If you’ve ever been frustrated by exceeding your data plan on a monthly basis, popular web browser Google Chrome may just have a solution for you.
Chrome’s Data Saver extension on desktop
recently launched (on March 23, 2015) an extension for Chrome desktop browser named Data Saver (currently in beta at the time of writing this post) that reduces your data usage significantly .1
Google’s data compression proxy service not only save the user bandwidth, but also load pages faster, and increase security (since sites go through Google’s servers, the company checks for malicious webpages) on your phone, tablet and desktop computer.
Google describes the Data Saver extension as,
Reduces data usage by using Google servers to optimize pages you visit. Browse more for less!
When this extension is enabled, Chrome will use Google servers to compress pages you visit before downloading them. SSL and incognito pages will not be included.
Thus, the extension uses Google’s data compression proxy service to optimize pages before serving them to your browser. It doesn’t work with SSL and incognito pages at present, and you’ll need Chrome 41 or newer to use it.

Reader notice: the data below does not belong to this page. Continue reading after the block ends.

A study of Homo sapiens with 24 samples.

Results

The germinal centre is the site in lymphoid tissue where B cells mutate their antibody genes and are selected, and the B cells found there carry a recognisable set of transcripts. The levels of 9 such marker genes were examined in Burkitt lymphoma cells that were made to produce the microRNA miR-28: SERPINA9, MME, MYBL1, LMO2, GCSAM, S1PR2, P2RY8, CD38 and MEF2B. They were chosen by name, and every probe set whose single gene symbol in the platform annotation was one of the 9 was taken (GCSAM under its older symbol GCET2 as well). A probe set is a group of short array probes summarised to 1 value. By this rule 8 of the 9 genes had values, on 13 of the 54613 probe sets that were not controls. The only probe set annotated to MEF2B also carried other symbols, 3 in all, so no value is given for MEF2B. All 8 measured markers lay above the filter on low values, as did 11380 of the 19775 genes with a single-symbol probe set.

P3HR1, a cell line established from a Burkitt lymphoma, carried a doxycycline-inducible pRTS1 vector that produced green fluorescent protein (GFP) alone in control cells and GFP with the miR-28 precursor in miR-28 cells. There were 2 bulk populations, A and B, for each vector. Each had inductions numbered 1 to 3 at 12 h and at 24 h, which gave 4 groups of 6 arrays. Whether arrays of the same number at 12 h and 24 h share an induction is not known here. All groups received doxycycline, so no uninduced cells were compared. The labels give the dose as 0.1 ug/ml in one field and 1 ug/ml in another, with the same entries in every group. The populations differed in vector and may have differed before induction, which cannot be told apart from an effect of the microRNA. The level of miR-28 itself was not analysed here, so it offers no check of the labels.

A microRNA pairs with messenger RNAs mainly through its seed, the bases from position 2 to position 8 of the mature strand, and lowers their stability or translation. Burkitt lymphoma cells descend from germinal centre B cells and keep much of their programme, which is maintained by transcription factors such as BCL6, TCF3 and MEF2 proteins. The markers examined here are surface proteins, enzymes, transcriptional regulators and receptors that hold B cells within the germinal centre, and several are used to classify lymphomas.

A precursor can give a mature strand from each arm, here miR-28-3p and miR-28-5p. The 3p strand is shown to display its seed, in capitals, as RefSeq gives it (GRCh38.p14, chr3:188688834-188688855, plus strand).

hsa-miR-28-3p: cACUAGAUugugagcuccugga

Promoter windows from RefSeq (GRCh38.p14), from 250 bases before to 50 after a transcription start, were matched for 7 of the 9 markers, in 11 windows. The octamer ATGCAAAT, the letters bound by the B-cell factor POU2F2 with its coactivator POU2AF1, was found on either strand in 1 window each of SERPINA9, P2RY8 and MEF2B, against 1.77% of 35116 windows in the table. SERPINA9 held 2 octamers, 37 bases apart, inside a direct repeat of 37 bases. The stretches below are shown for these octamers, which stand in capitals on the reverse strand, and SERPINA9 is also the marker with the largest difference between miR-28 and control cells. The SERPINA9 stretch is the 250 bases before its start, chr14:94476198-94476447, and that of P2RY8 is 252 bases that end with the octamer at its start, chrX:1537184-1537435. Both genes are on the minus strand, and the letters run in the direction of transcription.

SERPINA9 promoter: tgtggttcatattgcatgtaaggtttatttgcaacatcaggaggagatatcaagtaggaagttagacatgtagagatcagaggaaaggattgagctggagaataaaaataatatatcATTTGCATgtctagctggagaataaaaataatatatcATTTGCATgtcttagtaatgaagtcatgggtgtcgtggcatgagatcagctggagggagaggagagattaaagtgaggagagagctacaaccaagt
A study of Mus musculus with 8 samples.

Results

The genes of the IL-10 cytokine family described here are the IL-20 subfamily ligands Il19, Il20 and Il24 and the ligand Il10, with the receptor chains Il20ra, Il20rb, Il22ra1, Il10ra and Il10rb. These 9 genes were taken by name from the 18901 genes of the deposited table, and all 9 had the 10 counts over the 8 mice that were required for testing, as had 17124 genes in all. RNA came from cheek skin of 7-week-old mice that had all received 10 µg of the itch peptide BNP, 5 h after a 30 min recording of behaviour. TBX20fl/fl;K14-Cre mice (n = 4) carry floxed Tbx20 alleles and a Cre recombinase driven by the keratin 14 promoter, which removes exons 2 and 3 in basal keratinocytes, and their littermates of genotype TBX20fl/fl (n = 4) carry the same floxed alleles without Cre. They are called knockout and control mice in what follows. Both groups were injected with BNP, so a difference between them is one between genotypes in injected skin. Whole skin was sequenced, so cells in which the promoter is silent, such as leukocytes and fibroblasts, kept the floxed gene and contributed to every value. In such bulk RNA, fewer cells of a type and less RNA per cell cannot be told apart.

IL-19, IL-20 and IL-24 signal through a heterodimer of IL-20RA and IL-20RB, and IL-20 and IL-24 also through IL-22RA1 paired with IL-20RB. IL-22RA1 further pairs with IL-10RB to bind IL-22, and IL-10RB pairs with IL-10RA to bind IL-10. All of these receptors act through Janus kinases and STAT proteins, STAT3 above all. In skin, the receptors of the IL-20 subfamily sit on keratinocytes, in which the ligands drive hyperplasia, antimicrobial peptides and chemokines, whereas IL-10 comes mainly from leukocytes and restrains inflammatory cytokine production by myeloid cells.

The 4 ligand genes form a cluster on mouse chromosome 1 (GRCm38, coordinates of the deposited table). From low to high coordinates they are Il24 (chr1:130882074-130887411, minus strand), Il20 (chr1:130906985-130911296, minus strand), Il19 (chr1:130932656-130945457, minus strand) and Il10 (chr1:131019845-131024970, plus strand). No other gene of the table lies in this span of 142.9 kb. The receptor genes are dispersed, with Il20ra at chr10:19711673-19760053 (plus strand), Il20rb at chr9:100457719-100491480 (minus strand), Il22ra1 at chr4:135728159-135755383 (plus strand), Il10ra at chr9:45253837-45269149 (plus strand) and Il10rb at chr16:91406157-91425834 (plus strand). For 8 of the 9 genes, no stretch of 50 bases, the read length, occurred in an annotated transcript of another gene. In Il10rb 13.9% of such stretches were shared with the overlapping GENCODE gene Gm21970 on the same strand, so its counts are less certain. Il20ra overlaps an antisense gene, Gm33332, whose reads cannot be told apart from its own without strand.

The extension gets to work as soon as you install it.2 You can click the extension button on your browser toolbar to see how much data it has saved you and turn it off if necessary.
If you’re eager to see what is happening behind the scenes, then check out the internal Chrome page
chrome:net-internals#bandwidth. It contains Data Reduction Proxy settings such as primary and secondary URLs and recent events so that you can debug by yourself proxy issues you may have.
Google began testing its data compression service for browsers back in March 2013.
The rollout of this beta extension could point to the feature being baked into future versions of Chrome on the desktop.
Chrome’s Data Saver on mobile
Chrome’s Data Saver feature is also available in the latest Chrome browser for Android and Chrome browser for iOS which has been shown to reduce the size of web pages by 50%. To enable it, hop into Settings, tap Data Saver and turn it on.
The feature is certainly much more useful on mobile: It can save you money if you’re on a tight data plan, in addition to speeding up page loads and beefing up security. Chances are that browsing on the desktop is already quite speedy for most people, and Google’s Safe Browsing feature is already built into Chrome for Windows, Mac, and Linux.